Value-Based Care

The Volume and Cost of Quality Metric Reporting

JAMA Network

A Johns Hopkins-led study in JAMA reached a conclusion that many health systems are already all-too-familiar with: reporting on quality metrics is a costly endeavor. 

The time- and activity-based costing study estimated that Johns Hopkins Hospital spent over $5M on quality reporting activities in 2018 alone, independent of any quality-improvement efforts.

Researchers identified a total 162 unique metrics:

  • 96 were claims-based (59%) 
  • 107 were outcome metrics (66%) 
  • 101 were related to patient safety (62%) 

Preparing and reporting data for these metrics required over 100,000 staff hours, with an estimated personnel cost of $5,038,218 plus an additional $602,730 in vendor costs.

  • Claims-based metrics ($38k per metric per year) required the most resources despite being generated from “collected anyway” administrative data, which the researchers believe is likely tied to the challenge of validating ICD codes and whether comorbidities were present on admission.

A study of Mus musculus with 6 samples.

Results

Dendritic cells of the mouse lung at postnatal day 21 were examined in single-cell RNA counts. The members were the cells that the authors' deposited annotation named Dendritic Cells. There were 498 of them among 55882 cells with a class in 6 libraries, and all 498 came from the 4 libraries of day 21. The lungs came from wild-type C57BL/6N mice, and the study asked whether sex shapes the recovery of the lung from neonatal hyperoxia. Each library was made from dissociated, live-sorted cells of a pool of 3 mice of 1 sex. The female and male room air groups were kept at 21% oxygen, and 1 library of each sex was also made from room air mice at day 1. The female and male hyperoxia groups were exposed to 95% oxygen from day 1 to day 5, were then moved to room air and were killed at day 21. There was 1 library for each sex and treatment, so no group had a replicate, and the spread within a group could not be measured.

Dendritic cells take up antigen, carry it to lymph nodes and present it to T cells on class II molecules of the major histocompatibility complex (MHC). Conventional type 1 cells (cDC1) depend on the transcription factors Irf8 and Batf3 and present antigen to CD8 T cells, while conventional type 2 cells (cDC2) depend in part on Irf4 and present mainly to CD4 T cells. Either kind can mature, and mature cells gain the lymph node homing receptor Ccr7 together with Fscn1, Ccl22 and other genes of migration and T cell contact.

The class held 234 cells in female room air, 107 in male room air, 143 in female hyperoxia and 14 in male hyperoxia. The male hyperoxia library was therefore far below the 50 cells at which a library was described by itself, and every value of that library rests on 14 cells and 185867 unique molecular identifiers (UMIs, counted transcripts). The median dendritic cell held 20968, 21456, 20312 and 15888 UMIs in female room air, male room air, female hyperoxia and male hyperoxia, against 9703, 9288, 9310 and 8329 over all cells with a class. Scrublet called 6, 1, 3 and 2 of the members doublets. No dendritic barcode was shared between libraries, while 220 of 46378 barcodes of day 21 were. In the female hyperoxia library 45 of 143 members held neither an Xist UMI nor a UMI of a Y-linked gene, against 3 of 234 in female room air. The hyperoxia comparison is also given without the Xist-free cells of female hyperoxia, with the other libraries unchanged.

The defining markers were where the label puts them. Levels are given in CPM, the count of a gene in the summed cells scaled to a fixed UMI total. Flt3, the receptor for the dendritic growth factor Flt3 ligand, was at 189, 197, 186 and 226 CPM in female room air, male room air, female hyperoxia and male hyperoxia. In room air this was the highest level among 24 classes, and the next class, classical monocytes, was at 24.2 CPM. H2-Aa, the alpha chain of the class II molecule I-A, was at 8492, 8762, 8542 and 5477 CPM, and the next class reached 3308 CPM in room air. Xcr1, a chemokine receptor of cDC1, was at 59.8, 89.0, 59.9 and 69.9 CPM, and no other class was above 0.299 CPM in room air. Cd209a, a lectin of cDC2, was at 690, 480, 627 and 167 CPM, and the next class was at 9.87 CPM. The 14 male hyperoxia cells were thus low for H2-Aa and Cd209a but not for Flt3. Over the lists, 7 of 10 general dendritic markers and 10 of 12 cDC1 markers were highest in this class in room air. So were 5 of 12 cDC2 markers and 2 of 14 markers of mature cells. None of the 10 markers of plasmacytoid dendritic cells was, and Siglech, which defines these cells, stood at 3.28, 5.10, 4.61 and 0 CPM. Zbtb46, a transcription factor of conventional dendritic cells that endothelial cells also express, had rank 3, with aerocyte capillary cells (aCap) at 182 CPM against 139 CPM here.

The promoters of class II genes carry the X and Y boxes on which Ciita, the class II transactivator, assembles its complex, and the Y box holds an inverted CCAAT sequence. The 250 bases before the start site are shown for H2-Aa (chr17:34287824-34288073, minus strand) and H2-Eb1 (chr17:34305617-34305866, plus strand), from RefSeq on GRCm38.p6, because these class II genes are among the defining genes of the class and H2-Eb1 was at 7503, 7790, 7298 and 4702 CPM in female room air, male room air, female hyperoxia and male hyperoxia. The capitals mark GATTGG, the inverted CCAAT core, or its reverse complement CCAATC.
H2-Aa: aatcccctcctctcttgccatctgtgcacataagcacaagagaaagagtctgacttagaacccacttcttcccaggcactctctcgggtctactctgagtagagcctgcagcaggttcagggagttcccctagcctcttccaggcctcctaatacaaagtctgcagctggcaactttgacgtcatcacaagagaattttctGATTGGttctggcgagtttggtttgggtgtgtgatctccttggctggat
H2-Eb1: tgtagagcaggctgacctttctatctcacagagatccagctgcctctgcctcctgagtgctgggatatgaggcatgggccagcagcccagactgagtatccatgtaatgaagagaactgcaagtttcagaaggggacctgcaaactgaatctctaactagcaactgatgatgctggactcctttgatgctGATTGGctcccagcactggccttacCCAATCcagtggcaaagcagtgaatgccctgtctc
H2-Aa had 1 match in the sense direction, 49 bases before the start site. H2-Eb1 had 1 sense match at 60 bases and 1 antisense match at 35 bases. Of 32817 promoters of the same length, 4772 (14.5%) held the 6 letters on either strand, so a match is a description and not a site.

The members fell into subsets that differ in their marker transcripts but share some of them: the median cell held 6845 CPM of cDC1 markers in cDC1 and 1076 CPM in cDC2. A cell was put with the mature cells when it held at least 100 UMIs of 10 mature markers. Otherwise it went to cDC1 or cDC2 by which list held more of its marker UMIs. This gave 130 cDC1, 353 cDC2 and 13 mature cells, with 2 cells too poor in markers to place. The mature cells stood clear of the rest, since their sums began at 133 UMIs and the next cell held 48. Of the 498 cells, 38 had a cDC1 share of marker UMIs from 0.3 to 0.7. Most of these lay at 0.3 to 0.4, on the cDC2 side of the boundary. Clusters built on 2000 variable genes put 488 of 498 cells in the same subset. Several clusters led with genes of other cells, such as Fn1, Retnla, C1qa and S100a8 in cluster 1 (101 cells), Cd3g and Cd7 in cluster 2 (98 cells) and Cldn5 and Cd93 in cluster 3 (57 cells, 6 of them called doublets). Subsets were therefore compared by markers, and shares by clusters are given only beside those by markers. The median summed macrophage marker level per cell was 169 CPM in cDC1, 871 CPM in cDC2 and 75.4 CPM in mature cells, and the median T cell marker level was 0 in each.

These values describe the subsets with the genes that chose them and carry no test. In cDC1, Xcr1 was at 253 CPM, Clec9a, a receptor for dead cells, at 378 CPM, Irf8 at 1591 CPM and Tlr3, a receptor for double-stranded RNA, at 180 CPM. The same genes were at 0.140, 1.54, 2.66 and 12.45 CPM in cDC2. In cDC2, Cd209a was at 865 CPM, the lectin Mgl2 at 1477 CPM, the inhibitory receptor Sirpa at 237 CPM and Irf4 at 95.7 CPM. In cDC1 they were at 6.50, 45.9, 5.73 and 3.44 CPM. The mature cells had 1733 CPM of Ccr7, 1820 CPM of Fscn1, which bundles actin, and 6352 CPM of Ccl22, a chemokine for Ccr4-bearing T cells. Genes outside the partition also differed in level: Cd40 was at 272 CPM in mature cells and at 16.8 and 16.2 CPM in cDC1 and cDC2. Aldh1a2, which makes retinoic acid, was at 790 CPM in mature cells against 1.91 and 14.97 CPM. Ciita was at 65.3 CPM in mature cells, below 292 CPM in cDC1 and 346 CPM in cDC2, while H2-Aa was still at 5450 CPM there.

Although the $5M cost of quality reporting is a small fraction of Johns Hopkins Hospital’s $2.4B in annual expenses, extrapolating those findings to 4,100 acute care hospitals in the US suggests that we’re currently spending billions on quality reporting every year.

That conclusion raises questions that are outside the scope of this study but extremely important for understanding the true value of quality reporting.

  • Do the benefits of quality reporting outweigh the burden it places on clinicians?
  • Would the time and effort required for quality reporting be better spent on patient care?
  • Do quality metrics accurately reflect a hospital’s overall quality of care?

The Takeaway

Non-clinical administrative costs are a giant slice of the healthcare spending pie, and quality measurements unintentionally contribute due to increasing spending on chart review and coding optimization. Quantifying the burden of quality reporting is a key step to understanding its overall cost-effectiveness, and although this study doesn’t tackle that issue directly, it lays the foundation for those who are.